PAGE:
Though I am not a Catholic, I love the mystical practice of Holy Hour, tonight, Maunday Thursday, the eve of Good Friday.
The church is stripped of all decorations and flowers, the icons shrouded, beginning a time of loss: we descend into the emptiness that proceeds every resurrection.
Re-creation, like creation, comes "ex nihilo," out of the "formless void." (Genesis 1:2) This is no less true in the Biblical vision than in the Heart Sutra of Buddhism.
Yet in one corner of the hollow church, the Blessed Sacrament remains on an alter, in a monstrance surrounded by Easter lilies and candlelight, to represent the abiding presence of Christ-Consciousness. For the Seed Light of the inward Christ remains ever buried in the heart of loss, at the center of silence, awaiting the touch of the first full moon of Spring. (Easter is always set as the Sunday after the first full moon after the equinox.)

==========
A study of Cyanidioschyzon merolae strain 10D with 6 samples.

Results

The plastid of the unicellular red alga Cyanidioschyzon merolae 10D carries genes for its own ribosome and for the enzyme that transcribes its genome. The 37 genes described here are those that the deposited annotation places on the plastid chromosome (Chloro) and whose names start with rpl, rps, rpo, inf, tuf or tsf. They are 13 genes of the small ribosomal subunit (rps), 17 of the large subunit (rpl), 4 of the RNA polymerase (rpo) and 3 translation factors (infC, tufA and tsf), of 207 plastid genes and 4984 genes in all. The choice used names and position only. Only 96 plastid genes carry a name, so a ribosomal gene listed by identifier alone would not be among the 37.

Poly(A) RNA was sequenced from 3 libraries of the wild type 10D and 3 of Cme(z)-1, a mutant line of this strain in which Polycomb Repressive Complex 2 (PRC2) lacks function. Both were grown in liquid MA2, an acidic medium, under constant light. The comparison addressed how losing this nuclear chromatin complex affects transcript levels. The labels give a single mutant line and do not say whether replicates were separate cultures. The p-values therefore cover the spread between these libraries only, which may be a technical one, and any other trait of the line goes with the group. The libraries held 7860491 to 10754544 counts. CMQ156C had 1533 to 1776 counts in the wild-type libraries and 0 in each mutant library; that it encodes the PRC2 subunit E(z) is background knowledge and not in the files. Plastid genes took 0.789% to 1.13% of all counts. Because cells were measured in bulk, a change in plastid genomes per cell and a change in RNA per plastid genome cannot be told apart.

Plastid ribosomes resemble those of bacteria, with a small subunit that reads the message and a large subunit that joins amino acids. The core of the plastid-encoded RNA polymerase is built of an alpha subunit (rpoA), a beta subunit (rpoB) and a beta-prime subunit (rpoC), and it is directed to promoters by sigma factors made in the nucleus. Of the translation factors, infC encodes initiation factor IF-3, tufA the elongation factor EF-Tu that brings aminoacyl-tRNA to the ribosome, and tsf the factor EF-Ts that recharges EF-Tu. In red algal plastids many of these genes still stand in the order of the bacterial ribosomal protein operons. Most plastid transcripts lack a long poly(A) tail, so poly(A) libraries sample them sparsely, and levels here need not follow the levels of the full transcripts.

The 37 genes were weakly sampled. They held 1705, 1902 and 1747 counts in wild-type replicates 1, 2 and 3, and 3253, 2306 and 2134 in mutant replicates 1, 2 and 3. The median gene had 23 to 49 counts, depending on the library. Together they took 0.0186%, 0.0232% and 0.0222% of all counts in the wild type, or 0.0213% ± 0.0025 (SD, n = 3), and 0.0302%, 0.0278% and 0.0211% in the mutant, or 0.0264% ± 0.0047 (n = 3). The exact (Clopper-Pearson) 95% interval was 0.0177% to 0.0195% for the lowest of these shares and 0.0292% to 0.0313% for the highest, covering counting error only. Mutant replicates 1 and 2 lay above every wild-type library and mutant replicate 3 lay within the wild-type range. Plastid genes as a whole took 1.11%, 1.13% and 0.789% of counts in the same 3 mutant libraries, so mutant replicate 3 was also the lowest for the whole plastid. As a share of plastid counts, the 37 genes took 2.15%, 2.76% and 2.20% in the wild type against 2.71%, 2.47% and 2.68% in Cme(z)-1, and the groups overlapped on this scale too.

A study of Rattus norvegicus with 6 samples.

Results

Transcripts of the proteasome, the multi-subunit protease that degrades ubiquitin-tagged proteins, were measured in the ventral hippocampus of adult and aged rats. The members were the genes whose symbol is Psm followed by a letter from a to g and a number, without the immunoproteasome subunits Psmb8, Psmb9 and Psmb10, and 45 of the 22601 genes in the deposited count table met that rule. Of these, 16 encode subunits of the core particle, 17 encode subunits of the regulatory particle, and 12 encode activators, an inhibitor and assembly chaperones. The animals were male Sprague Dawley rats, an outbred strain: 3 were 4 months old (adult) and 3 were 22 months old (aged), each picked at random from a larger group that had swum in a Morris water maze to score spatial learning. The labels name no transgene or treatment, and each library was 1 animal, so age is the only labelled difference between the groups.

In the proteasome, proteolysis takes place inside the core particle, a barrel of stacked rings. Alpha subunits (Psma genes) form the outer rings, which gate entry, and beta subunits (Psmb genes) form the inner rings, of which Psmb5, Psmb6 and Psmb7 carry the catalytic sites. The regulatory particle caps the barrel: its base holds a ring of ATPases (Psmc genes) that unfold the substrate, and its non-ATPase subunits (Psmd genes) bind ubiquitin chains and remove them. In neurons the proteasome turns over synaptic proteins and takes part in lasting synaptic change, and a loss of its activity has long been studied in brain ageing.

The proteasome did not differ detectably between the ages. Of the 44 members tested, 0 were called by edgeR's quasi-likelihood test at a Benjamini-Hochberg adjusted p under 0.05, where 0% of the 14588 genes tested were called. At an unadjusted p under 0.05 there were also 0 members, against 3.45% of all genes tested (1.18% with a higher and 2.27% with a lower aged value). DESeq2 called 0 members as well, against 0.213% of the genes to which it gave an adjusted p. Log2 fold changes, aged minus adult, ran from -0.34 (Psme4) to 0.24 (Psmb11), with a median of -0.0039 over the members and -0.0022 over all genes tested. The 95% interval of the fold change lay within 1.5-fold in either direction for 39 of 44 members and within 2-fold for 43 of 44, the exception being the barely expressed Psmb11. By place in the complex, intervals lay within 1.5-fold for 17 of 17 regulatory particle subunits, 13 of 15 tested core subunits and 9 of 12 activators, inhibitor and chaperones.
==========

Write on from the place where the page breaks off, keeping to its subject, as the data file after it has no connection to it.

The alter of sacramental Presence is the remembrance of Jesus when he prayed in the garden of Gethsemane, on the night of his arrest by the political authorities. He was arrested for his revolutionary teachings of forgiveness, equality, and unconditional inclusiveness; for his daring to plant the radical vision of a Beloved Community, beyond racial, tribal, and religious division, one planetary family.
Tonight he implores his three closest disciples to "watch and pray with me." For the Master needs our companionship, no less than we need the Master's. The disciples fall asleep, for they represent our thinking, dreaming, and slumbering minds, while Jesus remains awake as the silent Witness, Turiya.
When he finds them asleep, Jesus sadly asks, "Could you not remain awake one hour with me?" This is the root of Holy Hour on Maunday Thursday. We sit in deep meditation for one hour before that alter of luminous fragrance, witnessing the Presence of Love in the heart of loss.
NOTE: The word 'Maunday.'
This was also the night of Jesus' Last Supper with the disciples. On this night he gave his new commandment: "Love one another..."
Most scholars agree that the English word maundy derives through the Middle English and Old French "mandé," from the Latin "mandatum," the first word of the phrase "Mandatum novum do vobis ut diligatis invicem sicut dilexi vos" (A new commandment I give unto you: Love one another, even as I have loved you.)